Appellate Decisions of Note:
Ellis v. USA, No. 10-50845, (5th Cir., March 2, 2012). Texas Noneconomic Damages Cap Does Not Apply to Loss of Household Services In a case of first impression, the Fifth Circuit made an “Erie guess” and decided that under Texas law, damages for loss of household services are not subject to the $250,000 cap on noneconomic damages under the Texas Medical Liability Act. This decision has the likelihood of altering the current Texas landscape of healthcare liability.
Big Bird Tree Service v. Gallegos, No. 05-10-00923-CV, (Tex. Civ. App.—Dallas, March 22, 2012). The Dallas Court of Appeals addressed the interaction between the CPRC 41.0105 (“paid or incurred”) limitation of [actually] incurred medical expenses and health care provider write downs. While the case involved medical services provided by a charity hospital, the opinion is not limited to that context. The Court held that a healthcare provider’s write downs can be recovered as an actually incurred expense if they were not made pursuant to a statutory or contractual requirement . That is, unless the medical expense write down is required by law or contract, it remains a sum which can be recovered.
Carey v. 24 Hour Fitness, USA, Inc., No. 10-20845, (5th Cir., January 25, 2012). Arbitration agreements, which allowed unilateral change by employer, were illusory and unenforceable. An employee brought a class action in federal court, alleging violations of the Fair Labor Standards Act. The employer moved to compel arbitration, based on its employee handbook that provided for mandatory arbitration and provided that the employer “has the right to revise, delete, and add to the employee handbook.” On appeal, the Fifth Circuit affirmed the district court and found that the arbitration agreement was illusory under Texas law. The fundamental concern for employers is a challenge to an arbitration agreement where it ostensibly binds them both, but where the employer can escape its obligations under the agreement by modifying it. Of course this could apply to similar circumstances outside the employment context.
Edwards Aquifer Authority v. Day, No. 08-0964 (Tex. 2012). Property owners have a right to be compensated for the value of water located under their property, which is taken by a governmental entity. The Texas Supreme Court held that land ownership includes an interest in “groundwater in place” that cannot be taken for public use without adequate compensation under the Texas Constitution. In examining the validity of the takings claim, the court found that there was not enough evidence in the record to rule on the issue. However, the court’s language shows some support for a finding that the regulation amounts to a taking. The court then remanded the case to the district court for a trial on the takings claim. This case has the potential to be extremely important for those involved in water resources. The case joins several other state supreme courts that have recently found that groundwater rights are legally recognized rights subject to constitutional protection. In addition, the finding that landowners have a property right to groundwater “in place” is powerful. This means that the landowner’s right is not merely a right to use, as has been found in other states, but the right to the groundwater beneath their property before it is withdrawn.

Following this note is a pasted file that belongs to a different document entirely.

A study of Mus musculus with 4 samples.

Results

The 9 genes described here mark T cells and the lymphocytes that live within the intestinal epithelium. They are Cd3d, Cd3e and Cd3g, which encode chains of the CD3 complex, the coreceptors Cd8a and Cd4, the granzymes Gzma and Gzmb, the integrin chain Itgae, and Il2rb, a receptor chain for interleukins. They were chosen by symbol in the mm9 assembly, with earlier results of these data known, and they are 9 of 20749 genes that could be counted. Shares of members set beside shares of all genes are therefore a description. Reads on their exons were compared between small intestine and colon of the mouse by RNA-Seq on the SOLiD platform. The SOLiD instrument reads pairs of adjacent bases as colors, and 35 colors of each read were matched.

In Texas Rice Land Partners, Ltd. v. Denbury Green Pipeline-Texas, LLC, No. 09-0901, Texas Supreme Court, March 2, 2012, the Texas Supreme Court unanimously held that in order for a pipeline company to acquire property through eminent domain, it would have to establish that the proposed pipeline was a “common carrier” for which such authority is granted. While the industry’s complaint that this ruling will delay such projects, the Court’s ruling appears sound as it does nothing more than require what is required in any other context, that the entity or person seeking relief has the authority (or standing) to do so. The opinion is limited to pipelines carrying CO2 or hydrogen (as that was the issue before the Court), however, there is no apparent reason why a different result would be reached in a case involving any other pipeline.